Start Your Own Pizza-Making Tradition at Home

. October 1, 2016.

It’s made from scratch, from the crust to the selection of toppings. And while October is National Pizza Month, most Fridays are Barto Pizza Day.

I come by pizza-making honestly. I am a first-generation American whose Italian mother made pizza because it was what she did. Along with the lasagna, noodles and desserts, most everything was homemade. Going out to dinner was a treat, and there wasn’t even pizza delivery in our small town in the 60s and 70s.

With a bit of tweaking over the years, I have perfected a simple recipe that allows me to make and freeze multiple pizza crusts.

A little messy, but worth it

Here is my unceremonious – and sometimes inexact – way to make pizza. I use a giant mixing bowl and a pizza stone. If you have a bread machine you could adjust the recipe to fit your machine and make the crusts fresh. I prefer to pull them out of the freezer and bake. The dough is the hardest part, and even then it’s not difficult. But manicured nails need not apply.

Dump a 5 lb. bag of flour into your giant bowl. For my family, this will make five pizza crusts – we like thick crusts. It might make more, depending on how thin and large you like your crusts.

In a saucepan – mine is 3 quart – put in three packets of your favorite rapid-rise yeast. Fill it with very warm water, and swish to dissolve. Once it’s dissolved, pour into giant bowl.

Mix into a large mass of dough. I use a wooden spoon that was my mother’s – no Italian household is complete without one. Use those arm muscles!

Once it’s fully mixed, separate the dough onto 5 cookie sheets. I use the ones I do because they are the size and shape of my pizza stone.

From there, mix the dough a bit more and shape it to the size of the pans. I usually sprinkle a bit more flour here to keep it from sticking. Once I’m done, I let it sit on my kitchen table for about an hour to rise. It’s also a good chance to clean up a bit.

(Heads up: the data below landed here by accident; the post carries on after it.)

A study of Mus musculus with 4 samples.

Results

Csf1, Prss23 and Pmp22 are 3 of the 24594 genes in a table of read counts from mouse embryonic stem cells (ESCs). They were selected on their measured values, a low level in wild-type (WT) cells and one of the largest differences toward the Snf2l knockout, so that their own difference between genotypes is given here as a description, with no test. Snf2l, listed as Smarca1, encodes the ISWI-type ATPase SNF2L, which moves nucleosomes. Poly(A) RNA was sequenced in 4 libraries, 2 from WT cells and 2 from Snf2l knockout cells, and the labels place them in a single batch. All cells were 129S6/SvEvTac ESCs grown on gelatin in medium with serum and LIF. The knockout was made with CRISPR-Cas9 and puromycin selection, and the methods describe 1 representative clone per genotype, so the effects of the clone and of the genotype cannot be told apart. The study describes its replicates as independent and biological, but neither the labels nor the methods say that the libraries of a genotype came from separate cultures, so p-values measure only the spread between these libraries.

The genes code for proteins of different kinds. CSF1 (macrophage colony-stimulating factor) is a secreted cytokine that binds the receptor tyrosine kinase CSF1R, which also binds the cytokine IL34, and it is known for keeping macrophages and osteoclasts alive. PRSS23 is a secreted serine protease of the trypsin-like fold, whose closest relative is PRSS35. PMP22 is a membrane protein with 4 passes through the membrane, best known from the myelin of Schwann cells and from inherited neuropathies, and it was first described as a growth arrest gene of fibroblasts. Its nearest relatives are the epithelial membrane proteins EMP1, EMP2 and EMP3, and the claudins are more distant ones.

After that hour, I put the pans directly in my freezers – the one above my fridge and the bigger upright I have in the garage. Leave some air underneath the pans so the bottom freezes. This will take tinkering to find just the right amount of time, but mine is usually a bit over two hours.

Once the dough is frozen, it will pop out of the pans when you give them a twist. I then put them on a piece of waxed paper, stack them in a plastic bag and stick them in the freezer.

When ready to bake, we preheat the stone for about 20 minutes…and now the fun part – toppings! We use a favorite jarred sauce from my husband’s hometown, but any thicker sauce will do. Shredded mozzarella and cheddar cheese, maybe a few diced cherry tomatoes, green peppers – the only limit is what you enjoy. Bake for about 40 minutes in a 350o oven.

Passing it on

I am slowly having my daughters learn how to make the crusts, but for now they keep to the toppings. Either way, Barto Pizza Days are a good way to reconnect and make a delicious meal. The side benefit? A lovely aroma that reminds you of your favorite Italian kitchen.

It definitely reminds me of mine – my mother’s small, well-used and well-loved kitchen with wall-to-wall carpet and a rotary phone. It’s a kitchen my children still remember, filled with food, fun and the smell of something in the oven. Hopefully someday their children will remember my kitchen just as fondly – and maybe have their own memories of making pizza with the family.